For the week of March 31, 2012 / 8 Nisan 5772
Torah: Vayikra / Leviticus 6:1 - 8:36
Haftarah: Malachi 3:4-24 (English: 3:4 - 4:6)


Just Wait

Your words have been hard against me, says the Lord. But you say, "How have we spoken against you?" You have said, "It is vain to serve God. What is the profit of our keeping his charge or of walking as in mourning before the Lord of hosts? And now we call the arrogant blessed. Evildoers not only prosper but they put God to the test and they escape." (Malachi 3:13-15; ESV)

Have you ever felt that it is useless to serve God? You may have never said such a thing (or maybe you have), but I think this is something that even the most committed believers have thought. We compare our lives to that of those who couldn't care less about God and it seems that they have it pretty good. They flaunt their unbelief and their immorality and get away with it, while those who trust God and seek to do the right thing seem to have no end of trouble.

First, it is presumptuous to think we know for certain what the cause of someone's circumstances are. Unless God clearly reveals the reason for something all we have to go on is our best guesses. It's easy to create false impressions based on how we view circumstances. What constitutes good or bad anyway? Hardships are some of our best teachers, while successes, though they may be enjoyable for a time, can set us up for great trouble down the road.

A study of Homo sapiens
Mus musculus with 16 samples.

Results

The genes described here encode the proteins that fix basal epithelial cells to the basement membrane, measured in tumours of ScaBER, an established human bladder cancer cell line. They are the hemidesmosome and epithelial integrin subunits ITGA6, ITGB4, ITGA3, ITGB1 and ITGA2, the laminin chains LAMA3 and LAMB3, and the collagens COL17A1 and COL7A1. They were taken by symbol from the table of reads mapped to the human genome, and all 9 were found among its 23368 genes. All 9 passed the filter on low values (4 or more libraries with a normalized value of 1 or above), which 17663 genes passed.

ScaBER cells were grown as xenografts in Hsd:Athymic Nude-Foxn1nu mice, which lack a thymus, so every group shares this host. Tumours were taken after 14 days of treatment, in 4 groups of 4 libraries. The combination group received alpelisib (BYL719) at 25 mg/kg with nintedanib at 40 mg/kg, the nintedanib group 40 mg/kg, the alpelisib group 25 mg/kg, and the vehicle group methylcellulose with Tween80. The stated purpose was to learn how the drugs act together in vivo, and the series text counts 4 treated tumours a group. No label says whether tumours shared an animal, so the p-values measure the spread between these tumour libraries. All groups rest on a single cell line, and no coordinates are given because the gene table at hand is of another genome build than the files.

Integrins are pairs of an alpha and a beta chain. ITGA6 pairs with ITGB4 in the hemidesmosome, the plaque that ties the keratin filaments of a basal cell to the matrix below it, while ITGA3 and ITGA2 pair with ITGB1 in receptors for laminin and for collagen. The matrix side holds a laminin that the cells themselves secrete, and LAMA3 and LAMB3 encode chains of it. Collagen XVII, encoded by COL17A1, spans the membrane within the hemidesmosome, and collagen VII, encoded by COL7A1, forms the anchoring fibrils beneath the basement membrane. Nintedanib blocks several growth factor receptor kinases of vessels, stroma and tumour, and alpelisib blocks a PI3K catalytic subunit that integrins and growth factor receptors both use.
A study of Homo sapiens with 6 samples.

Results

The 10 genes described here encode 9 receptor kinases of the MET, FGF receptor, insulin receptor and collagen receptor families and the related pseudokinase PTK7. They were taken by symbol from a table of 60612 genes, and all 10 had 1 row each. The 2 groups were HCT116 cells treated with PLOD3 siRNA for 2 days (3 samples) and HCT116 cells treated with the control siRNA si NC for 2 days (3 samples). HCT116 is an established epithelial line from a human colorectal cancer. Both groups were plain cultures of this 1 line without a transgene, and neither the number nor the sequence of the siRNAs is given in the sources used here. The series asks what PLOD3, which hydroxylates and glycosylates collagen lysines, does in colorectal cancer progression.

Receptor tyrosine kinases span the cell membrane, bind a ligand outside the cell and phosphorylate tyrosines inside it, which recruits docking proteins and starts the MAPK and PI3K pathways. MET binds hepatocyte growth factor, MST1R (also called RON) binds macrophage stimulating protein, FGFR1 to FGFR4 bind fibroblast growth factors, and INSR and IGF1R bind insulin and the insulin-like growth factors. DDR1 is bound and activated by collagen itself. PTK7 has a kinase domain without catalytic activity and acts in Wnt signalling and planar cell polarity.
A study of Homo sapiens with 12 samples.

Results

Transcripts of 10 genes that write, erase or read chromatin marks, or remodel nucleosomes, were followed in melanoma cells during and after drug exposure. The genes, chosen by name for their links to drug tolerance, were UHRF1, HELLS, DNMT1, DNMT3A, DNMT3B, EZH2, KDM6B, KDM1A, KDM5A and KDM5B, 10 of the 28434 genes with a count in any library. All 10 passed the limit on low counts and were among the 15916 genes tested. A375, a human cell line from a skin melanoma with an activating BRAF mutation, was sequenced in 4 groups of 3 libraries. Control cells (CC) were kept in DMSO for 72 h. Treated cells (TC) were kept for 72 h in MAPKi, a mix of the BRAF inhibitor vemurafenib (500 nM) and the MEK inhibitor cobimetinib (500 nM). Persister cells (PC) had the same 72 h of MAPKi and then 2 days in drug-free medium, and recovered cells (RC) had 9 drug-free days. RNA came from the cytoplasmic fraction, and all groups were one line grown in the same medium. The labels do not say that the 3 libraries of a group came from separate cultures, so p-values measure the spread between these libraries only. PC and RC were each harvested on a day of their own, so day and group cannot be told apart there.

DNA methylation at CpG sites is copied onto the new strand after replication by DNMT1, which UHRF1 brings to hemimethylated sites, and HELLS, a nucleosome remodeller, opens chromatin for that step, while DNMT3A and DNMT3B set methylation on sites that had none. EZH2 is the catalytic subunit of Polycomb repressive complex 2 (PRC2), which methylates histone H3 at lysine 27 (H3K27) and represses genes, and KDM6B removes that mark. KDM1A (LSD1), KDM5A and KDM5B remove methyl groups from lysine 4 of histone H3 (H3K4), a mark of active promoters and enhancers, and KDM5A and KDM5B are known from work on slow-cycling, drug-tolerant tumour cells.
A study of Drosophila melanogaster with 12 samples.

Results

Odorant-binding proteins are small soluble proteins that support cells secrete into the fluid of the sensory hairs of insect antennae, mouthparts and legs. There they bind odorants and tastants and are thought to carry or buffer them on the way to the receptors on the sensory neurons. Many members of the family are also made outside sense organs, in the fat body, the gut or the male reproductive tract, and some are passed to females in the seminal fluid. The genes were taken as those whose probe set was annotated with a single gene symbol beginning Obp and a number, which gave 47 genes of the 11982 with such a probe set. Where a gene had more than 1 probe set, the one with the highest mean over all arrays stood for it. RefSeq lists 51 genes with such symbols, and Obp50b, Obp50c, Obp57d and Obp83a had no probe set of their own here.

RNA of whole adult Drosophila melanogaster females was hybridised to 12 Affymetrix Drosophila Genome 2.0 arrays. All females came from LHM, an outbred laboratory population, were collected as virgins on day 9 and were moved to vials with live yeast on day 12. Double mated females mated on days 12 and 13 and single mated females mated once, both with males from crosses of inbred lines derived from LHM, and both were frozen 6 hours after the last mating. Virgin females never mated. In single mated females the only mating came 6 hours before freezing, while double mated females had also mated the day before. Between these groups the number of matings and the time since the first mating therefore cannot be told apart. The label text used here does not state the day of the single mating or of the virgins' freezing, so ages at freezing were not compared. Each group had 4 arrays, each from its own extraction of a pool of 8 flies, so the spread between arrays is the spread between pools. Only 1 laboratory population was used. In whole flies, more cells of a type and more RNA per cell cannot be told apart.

Maybe this isn't enough to relieve your grief. It is easy, when we are going through hard times to look at those who are apparently doing well, and get discouraged. Why go through the bother of hardship when it appears that it makes no difference, except perhaps a negative difference? But what does a person's current situation have to do with making an accurate assessment of his or her life? Circumstances so quickly change. Nothing in this age is permanent. One never knows what fortune or trouble is waiting for us around the corner.

But what about when our hard times go on and on? We need to grasp the bigger picture. The more we understand that life is more than what happens to us personally moment by moment, the more we will be free from the effects of daily difficulties.

Life is an investment. Based on what we put into it, so we will eventually derive benefits. The current economic situation doesn't help us to grasp this. The credit crisis gripping much of the world today demands short-term solutions with little regard for their long-term effects. God's perspective is the exact opposite. From his perspective, it is worth it for us to go through whatever pain is necessary now, so that we can enjoy a wonderful future forever. As we read in the New Covenant writings, "For this light momentary affliction is preparing for us an eternal weight of glory beyond all comparison" (2 Corinthians 4:17; ESV).

God responds to those who question the value of serving him by saying, "Then once more you shall see the distinction between the righteous and the wicked, between one who serves God and one who does not serve him" (Malachi 3:18; ESV) The way things are now are not the way they will always be. Just wait.